Congressman Byron Donalds says critical race theory does not belong in schools

Reporter: Rachel Cox-Rosen
Published: Updated:
Congressman Byron Donalds spoke out against critical race theory on Tuesday. (CREDIT: WINK News)

One school district says a critical race theory is not a part of their curriculum, and a Southwest Florida congressman said he’ll make sure it stays that way.

Critical race theory is an academic concept that seeks to examine U.S. law as it intersects with issues of race.

Parents in Collier County joined Rep. Byron Donalds, who represents Collier County in Congress, as he spoke Tuesday about critical race theory at Collier County Public Schools. The State of Florida banned the teaching of critical race theory in schools this year.

While it’s banned and the Collier school district said it doesn’t teach it, Donalds said the point of Tuesday’s press conference was to make sure the school district knows it’s being watched by the community.

“And unfortunately, what we’ve seen is critical race theory has crept into too many institutions in our country,” Donalds said.

Donalds said he was not accusing the school district of teaching it.

“What I’m here to do is to make sure that CCPS understands that there are many constituents that are going to be paying attention to what goes on, not only in the administrative building but also in the classrooms in our district,” Donalds said.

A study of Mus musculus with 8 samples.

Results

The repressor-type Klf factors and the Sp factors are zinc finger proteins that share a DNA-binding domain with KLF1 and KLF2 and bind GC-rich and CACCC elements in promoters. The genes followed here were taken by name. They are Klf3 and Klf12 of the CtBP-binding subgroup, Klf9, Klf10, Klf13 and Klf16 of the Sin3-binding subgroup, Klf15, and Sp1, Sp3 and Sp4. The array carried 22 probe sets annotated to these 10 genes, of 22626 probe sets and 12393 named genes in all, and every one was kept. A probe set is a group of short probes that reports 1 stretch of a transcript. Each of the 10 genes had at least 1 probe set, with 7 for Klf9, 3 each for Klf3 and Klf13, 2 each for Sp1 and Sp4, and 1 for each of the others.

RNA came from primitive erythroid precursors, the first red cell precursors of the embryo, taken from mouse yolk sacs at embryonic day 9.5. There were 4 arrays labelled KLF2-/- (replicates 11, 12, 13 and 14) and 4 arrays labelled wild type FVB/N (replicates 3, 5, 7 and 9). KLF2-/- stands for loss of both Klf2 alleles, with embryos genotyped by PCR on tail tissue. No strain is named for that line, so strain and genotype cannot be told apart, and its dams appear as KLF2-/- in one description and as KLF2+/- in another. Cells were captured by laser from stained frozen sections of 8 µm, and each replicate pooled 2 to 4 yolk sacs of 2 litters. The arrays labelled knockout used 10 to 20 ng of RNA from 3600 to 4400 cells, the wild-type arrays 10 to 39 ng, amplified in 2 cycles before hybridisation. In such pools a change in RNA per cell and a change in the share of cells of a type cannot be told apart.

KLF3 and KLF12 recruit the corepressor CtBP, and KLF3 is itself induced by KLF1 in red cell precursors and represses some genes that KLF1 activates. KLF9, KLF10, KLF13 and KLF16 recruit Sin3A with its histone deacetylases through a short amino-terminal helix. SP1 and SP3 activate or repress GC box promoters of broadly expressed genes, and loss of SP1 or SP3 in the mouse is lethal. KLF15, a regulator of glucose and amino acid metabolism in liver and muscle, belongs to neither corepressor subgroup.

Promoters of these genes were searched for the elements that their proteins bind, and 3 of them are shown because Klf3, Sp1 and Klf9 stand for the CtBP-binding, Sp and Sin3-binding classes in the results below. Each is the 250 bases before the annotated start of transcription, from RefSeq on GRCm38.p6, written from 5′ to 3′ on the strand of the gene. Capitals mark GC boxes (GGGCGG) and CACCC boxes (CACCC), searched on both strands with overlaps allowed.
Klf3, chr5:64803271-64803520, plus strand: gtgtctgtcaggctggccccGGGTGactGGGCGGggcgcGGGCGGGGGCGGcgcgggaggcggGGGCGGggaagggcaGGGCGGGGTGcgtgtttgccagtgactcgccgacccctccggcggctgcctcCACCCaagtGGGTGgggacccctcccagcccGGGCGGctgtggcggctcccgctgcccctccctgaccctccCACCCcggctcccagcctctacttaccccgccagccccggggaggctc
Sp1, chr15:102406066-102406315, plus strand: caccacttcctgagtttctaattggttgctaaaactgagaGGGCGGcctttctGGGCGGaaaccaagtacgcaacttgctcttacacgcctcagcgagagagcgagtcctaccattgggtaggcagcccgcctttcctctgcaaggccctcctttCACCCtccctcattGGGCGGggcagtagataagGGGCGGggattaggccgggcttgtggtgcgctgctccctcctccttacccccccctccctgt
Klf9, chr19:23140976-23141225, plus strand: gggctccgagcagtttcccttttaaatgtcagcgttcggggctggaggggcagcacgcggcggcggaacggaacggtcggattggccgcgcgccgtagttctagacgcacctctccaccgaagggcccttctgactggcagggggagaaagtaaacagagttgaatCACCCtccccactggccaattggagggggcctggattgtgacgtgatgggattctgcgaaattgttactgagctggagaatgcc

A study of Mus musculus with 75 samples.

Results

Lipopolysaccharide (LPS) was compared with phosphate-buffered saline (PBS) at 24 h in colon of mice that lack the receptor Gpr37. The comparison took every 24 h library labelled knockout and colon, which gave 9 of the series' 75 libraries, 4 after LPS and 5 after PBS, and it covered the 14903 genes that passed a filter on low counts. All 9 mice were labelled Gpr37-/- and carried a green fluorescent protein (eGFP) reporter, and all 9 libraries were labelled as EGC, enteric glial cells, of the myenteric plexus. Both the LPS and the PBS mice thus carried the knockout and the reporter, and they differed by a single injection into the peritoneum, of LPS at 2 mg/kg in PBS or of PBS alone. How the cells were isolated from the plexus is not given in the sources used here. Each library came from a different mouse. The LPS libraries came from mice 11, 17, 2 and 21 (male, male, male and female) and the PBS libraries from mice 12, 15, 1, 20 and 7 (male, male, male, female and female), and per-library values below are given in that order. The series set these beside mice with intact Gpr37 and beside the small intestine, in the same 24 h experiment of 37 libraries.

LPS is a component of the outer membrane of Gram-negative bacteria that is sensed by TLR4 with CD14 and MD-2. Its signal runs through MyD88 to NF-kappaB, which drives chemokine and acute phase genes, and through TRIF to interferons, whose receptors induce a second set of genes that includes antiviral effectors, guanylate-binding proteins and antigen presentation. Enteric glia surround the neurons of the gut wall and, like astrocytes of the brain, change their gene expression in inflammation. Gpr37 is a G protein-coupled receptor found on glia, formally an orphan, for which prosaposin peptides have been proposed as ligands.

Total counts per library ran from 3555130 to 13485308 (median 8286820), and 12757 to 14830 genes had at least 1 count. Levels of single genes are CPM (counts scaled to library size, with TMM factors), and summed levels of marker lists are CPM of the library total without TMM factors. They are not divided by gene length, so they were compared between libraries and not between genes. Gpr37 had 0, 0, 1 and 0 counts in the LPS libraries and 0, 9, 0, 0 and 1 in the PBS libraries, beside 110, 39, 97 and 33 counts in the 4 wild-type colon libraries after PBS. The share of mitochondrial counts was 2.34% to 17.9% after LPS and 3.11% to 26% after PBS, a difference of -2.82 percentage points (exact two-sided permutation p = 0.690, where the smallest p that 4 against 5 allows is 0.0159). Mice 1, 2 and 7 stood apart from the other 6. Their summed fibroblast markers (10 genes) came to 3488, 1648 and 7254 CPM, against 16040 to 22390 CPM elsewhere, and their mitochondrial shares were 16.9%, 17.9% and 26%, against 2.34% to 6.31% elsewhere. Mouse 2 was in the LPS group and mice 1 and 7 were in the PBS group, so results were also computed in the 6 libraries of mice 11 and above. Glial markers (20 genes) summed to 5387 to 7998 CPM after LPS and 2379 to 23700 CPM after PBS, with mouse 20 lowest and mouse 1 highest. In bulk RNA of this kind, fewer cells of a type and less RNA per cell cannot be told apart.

But a few people who showed up accuse the school district of teaching it.

“We do have in Collier County, we have different components of critical race theory occurring in the classroom,” said Diane Van Parys. “We ought to be spending our money on the right things for equality for all students.”

The Southwest Florida Chapter of Showing up for Racial Justice called the panic around critical race theory as “purposefully crafted.”

“It’s a non-issue,” said Laura Angelus, who is with the group. “It’s a buzzword of the moment for certain groups of people but we should still teach accurate history and not be afraid to discuss racism in schools.”

Donalds also attacked diversity, equity, and inclusion seminars, which he said are a way to bring critical race theory into schools.

Donalds said he would like to see Black history taught year-round instead of only during Black History Month.

Collier County schools said, “critical race theory is not and will not be a part of the district curriculum and teaching and learning framework.”